Article properties: Koko Taylor: What It Takes
|Taylor, Koko - What It Takes CD 1|
|01||Got What It Takes||Koko Taylor|| |
|02||Don't Mess With The Messer||Koko Taylor|| |
|03||Whatever I Am, You Made Me||Koko Taylor|| |
|04||I'm A Little Mixed Up||Koko Taylor|| |
|05||Wang Dang Doodle||Koko Taylor|| |
|06||(I Got) All You Need||Koko Taylor|| |
|07||Love Me||Koko Taylor|| |
|08||What Came First The Egg Or The Hen||Koko Taylor|| |
|09||Insane Asylum||Koko Taylor|| |
|10||Fire||Koko Taylor|| |
|11||I Don't Care Who Knows||Koko Taylor|| |
|12||Twenty Nine Ways To My Baby's Door||Koko Taylor|| |
|13||Blue Prelude||Koko Taylor|| |
|14||I Need More And More||Koko Taylor|| |
|15||Um Huh My Baby||Koko Taylor|| |
|16||Bills, Bills & More Bills||Koko Taylor|| |
|17||I Got What It Takes||Koko Taylor|| |
Chicago blues queen Koko Taylor rode the R&B charts somewhat unexpectedly in 1966 with her gritty, uncompromising treatment of Willie Dixon's minor-key party anthem Wang Dang Doodle (it's on Box Three, Disc 2). But lightning didn't strike twice for the Bartlett, Tennessee native at Checker Records despite producer Dixon's best efforts, Koko belting Good Advice, Egg Or The Hen, the rousing Fire, and several more singles without commensurate response. In 1972, Chess released ‘Basic Soul,' Taylor's second LP, and then she found herself without a label.
Meanwhile, Alligator Records was flourishing as a local indie, having launched Hound Dog Taylor, Son Seals, and Fenton Robinson. Koko wanted to be there too, but convincing boss Bruce Iglauer wasn't easy. "I had to run him down like a hawk," said the late Taylor. "I said, ‘I'm gonna ask him one more time, and if he turns me down I ain't gonna ever ask him no more!'" Koko finally got her demo to Iglauer. "About three or four days later he called me. He told me, ‘I listened to your tape.' I said, ‘Oh? What did you think about it?' He said, ‘Well, actually, I liked them!'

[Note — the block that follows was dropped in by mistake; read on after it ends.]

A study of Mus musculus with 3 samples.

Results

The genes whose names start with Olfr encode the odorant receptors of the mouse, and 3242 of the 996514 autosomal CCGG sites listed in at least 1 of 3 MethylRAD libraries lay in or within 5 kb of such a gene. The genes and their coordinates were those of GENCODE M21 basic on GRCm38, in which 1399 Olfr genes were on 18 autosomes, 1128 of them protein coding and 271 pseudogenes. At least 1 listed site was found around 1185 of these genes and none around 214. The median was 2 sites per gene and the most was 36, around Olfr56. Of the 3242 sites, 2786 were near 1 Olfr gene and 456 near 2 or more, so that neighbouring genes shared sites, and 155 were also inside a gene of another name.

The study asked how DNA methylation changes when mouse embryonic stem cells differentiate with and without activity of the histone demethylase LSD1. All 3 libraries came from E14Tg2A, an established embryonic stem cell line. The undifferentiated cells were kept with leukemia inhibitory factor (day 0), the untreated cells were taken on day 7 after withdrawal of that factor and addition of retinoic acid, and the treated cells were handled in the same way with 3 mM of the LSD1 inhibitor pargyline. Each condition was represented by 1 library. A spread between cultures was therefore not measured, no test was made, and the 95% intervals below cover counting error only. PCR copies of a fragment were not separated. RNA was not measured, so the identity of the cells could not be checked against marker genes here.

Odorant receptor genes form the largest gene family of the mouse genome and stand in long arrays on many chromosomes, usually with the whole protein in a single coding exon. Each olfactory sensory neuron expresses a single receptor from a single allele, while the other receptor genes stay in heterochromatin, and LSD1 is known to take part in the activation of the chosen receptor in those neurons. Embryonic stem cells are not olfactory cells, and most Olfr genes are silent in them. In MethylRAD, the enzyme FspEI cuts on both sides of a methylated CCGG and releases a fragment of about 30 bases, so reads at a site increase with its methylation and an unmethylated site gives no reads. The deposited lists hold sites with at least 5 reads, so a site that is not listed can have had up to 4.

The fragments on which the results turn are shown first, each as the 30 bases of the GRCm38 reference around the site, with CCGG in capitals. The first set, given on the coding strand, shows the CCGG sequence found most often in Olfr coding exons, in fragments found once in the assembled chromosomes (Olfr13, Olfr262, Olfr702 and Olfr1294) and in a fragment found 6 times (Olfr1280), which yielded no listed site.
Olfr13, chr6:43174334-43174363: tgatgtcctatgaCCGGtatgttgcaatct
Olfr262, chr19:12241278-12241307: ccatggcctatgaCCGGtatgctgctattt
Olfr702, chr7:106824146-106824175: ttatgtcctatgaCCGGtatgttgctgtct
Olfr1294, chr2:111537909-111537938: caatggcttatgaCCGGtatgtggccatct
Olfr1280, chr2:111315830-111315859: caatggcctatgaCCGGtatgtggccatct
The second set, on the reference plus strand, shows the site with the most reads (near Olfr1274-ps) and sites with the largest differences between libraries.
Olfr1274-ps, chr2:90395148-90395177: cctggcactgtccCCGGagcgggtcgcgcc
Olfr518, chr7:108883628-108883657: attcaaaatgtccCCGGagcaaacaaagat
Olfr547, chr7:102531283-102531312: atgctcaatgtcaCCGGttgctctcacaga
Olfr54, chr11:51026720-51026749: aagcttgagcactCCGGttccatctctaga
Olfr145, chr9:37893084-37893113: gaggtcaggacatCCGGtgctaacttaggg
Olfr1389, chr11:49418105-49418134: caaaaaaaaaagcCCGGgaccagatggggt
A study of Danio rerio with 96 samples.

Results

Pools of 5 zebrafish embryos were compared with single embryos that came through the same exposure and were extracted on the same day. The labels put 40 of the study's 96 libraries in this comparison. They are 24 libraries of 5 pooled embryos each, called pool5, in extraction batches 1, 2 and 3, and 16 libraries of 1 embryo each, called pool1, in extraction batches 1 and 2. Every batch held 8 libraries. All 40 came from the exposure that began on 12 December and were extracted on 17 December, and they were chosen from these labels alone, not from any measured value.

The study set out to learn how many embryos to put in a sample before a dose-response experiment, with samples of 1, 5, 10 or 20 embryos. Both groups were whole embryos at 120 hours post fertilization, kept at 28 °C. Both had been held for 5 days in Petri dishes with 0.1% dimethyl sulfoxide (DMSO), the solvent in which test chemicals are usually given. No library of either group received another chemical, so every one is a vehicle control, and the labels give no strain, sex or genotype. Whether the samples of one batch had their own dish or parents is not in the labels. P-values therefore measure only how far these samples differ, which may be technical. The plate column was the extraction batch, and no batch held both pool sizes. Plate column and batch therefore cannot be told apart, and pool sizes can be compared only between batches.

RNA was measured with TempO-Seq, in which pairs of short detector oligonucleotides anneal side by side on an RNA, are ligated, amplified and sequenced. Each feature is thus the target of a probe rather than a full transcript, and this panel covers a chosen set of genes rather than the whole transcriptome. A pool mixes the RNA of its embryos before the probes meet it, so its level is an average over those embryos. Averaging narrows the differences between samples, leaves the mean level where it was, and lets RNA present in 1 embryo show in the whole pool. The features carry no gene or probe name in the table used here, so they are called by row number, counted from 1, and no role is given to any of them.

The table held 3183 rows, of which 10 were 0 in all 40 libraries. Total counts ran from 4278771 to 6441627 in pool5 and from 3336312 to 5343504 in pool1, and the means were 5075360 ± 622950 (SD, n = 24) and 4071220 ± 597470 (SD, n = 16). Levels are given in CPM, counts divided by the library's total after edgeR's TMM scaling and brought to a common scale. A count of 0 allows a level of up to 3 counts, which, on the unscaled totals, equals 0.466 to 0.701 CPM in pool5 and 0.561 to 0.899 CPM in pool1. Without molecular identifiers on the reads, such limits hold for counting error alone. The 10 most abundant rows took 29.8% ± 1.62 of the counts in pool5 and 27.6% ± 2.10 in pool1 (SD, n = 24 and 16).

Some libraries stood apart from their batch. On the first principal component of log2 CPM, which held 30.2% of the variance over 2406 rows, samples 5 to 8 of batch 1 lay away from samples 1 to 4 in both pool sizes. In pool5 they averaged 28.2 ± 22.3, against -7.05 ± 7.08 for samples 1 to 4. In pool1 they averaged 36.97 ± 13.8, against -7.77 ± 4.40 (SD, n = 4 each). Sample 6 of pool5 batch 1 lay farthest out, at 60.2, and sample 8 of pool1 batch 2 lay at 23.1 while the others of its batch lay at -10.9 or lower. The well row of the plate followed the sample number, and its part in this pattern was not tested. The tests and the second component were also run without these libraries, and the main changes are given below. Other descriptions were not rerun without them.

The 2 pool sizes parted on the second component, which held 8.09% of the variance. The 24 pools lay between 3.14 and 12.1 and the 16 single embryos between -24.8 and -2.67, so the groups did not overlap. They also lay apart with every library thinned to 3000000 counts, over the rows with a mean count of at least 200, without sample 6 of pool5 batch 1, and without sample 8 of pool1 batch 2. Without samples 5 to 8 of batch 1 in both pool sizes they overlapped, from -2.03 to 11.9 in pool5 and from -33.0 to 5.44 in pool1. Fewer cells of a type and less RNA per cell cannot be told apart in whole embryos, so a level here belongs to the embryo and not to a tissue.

"I was very hesitant, because up until that time I had worked only with player/singers," admits Iglauer.It turned out to be a musical marriage made in heaven. ‘I Got What It Takes,' Taylor's first Alligator LP in 1975, was nominated for a Grammy.‘The Earthshaker,' her '78 Alligator encore, found her backed by a particularly stellar edition of her Blues Machine: guitarists Sammy Lawhorn and Johnny B. Moore, bassist Cornelius Boyson, drummer Vince Chappelle, and guests Pinetop Perkins on piano and saxist Abb Locke. The set featured several numbers that became concert staples of hers for the next three decades, including I'm A Woman (her saucy retort to Bo Diddley's I'm A Man), Louis Jordan's romping Let The Good Times Roll, and the swinging Hey Bartender, introduced back in 1954 by L.A. jump blues pianist Floyd Dixon on Atlantic's short-lived Cat subsidiary and well suited to Koko's earthy, boisterous delivery.
"By the time we did ‘The Earthshaker,' I felt much more of a level of confidence with myself, and a level of confidence in my communication with Koko," says Iglauer, her longtime producer and manager. Reigning regally as Chicago's blues queen, Taylor made seven more albums for Alligator (the last one was 2007's ‘Old School'), racked up a trophy case full of Handy Awards and Grammy nominations, and overcame a serious bout with gastrointestinal bleeding that sidelined her for a lengthy spell in 2003. Koko returned to action and made a triumphant comeback, only to ultimately be fatally felled by the same malady on June 3, 2009.
"A few years back, they started calling me the Queen of the Blues," mused Koko. "I am one of the last people that you can name around today that's singing blues. We've got a lot of singers out there that got beautiful voices. They can sing better than me, some of ‘em. But they're not singing blues."